Battle of Vouillé
The Battle of Vouillé — or Vouglé (from Latin Campus Vogladensis) — was fought in the northern marches of Visigothic territory, at Vouillé near Poitiers (Gaul), in the spring of 507 between the Franks commanded by Clovis and the Visigoths commanded by Alaric II.
|Battle of Vouillé|
|Part of The battles of Clovis I|
Clovis killing Alaric
(Image from 15th century)
|Frankish Kingdom||Visigothic Kingdom|
|Commanders and leaders|
|Clovis I||Alaric II †|
|Casualties and losses|
|unknown||unknown; Alaric II was killed|
Clovis' army was slowed by a rain-swollen Vienne river, yet his forces were able to engage the Visigoths south of Vouillé. With his missile troops stationed at the rear of his army, Clovis sent the rest of the army forward to fight hand-to-hand with the Visigoths. During the melée Clovis allegedly killed the Visigothic king Alaric, whereupon the Visigothic army broke and fled.
After Clovis' success in this battle, the Byzantine emperor Anastasius made him an honorary consul and patrician. The battle forced the Visigoths to retreat to Septimania, which they continued to hold, while the success at Vouillé allowed the Franks to control the southwestern part of France and capture Toulouse. Alaric's illegitimate son Gesalec tried to organize a counterstrike at Narbonne, but he was deposed and ultimately killed when Narbonne was taken by Burgundian allies of the Franks.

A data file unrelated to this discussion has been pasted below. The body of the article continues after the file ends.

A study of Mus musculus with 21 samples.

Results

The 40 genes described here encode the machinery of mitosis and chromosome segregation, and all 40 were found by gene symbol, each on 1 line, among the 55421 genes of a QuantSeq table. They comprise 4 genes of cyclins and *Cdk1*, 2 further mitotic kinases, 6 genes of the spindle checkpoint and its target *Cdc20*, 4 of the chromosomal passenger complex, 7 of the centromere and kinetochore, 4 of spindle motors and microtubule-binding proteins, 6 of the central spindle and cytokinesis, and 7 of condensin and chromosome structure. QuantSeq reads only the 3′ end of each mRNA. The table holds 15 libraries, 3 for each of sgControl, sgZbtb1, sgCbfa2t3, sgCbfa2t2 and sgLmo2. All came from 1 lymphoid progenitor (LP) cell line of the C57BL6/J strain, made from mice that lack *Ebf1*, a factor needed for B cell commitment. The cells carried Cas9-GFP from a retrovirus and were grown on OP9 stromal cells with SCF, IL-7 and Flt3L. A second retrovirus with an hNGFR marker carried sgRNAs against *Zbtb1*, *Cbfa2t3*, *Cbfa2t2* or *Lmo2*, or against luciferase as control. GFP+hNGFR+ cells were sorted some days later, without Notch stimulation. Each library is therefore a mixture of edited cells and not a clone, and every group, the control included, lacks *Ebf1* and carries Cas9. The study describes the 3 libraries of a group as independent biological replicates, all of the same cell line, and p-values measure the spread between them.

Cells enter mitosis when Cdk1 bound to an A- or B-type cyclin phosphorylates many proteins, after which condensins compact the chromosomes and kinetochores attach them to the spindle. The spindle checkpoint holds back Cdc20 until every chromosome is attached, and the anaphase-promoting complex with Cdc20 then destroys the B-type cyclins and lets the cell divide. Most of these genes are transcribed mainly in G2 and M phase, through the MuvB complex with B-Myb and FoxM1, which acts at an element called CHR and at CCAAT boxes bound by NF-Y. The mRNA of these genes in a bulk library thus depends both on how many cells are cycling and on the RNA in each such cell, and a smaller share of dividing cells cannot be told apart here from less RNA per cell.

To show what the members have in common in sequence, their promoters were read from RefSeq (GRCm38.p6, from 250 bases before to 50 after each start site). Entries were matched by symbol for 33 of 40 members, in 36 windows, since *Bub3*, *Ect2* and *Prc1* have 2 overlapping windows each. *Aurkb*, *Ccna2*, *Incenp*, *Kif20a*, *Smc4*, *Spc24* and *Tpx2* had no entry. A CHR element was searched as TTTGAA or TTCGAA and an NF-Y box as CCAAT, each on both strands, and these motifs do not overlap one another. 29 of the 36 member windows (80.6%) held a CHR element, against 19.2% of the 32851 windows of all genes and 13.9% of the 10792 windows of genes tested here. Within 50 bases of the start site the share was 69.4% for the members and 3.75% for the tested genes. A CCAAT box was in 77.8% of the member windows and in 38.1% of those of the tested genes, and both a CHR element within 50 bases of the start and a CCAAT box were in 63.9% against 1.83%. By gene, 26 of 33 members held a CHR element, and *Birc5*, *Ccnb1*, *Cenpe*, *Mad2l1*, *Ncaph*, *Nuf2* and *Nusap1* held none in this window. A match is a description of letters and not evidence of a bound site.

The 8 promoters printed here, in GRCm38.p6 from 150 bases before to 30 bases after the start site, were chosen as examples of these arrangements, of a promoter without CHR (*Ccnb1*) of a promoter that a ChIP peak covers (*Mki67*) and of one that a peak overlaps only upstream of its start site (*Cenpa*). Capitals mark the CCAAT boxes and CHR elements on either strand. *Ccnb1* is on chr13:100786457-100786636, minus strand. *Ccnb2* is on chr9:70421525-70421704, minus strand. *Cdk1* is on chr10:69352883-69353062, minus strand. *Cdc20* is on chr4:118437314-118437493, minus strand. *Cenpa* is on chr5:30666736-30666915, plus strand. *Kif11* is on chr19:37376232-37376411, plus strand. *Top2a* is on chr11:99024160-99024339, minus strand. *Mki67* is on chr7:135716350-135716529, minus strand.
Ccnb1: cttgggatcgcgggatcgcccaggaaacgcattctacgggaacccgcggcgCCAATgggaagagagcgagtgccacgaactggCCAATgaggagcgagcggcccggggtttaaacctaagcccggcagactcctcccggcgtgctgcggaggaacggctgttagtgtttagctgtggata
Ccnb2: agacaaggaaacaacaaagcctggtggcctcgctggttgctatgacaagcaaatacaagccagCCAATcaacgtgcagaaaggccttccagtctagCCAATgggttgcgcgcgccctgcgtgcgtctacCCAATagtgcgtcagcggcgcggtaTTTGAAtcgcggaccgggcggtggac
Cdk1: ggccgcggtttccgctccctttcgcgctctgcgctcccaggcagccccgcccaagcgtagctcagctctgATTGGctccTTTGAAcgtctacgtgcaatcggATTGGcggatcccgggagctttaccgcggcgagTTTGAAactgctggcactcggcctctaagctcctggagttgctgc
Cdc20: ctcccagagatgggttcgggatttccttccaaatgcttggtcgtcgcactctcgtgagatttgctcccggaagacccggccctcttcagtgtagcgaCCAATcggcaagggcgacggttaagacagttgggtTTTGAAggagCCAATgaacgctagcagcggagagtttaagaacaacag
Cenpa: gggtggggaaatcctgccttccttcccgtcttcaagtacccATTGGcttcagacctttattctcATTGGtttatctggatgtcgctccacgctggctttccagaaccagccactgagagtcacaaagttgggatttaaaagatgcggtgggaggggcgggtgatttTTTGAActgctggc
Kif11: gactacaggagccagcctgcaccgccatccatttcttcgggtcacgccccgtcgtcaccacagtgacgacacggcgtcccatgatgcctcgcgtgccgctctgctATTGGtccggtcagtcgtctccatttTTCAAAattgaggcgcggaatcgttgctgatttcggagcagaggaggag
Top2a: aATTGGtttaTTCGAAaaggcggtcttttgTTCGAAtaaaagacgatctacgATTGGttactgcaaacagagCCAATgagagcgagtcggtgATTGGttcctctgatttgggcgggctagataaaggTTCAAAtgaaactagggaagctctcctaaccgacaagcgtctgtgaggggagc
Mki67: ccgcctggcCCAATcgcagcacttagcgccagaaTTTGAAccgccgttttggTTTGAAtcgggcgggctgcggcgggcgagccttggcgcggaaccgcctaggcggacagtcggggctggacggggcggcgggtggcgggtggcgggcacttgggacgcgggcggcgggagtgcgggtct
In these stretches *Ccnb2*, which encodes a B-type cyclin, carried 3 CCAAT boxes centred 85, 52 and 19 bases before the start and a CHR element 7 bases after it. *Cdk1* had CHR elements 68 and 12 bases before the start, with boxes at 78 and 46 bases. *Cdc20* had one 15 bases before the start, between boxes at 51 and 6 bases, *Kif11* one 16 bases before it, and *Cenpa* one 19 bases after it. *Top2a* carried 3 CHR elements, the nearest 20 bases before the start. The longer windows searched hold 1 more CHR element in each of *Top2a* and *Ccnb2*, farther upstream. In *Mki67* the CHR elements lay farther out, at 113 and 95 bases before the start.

- Encyclopedia of Barbarian Europe: Society in Transformation, ed. Michael Frassetto, (ABC-CLIO, 2003), 362.
- Bernard S. Bachrach, Merovingian Military Organization, 481-751 (University of Minnesota Press, 1972), 11
- Clovis, Anastasius, and the Political Status 508 CE: The Frankis Aftermath of the Battle of Vouillé, Ralph W. Mathisen, The Battle of Vouillé, 507 CE: Where France Began, ed. Ralph W. Mathisen and Danuta Shanzer, (Walter de Gruyter Inc., 2012), 88.
- Bernard S. Bachrach, Merovingian Military Organization, 481-751, University of Minnesota Press, 1972.
- Encyclopedia of Barbarian Europe: Society in Transformation, ed.Michael Frassetto, ABC-CLIO, 2003.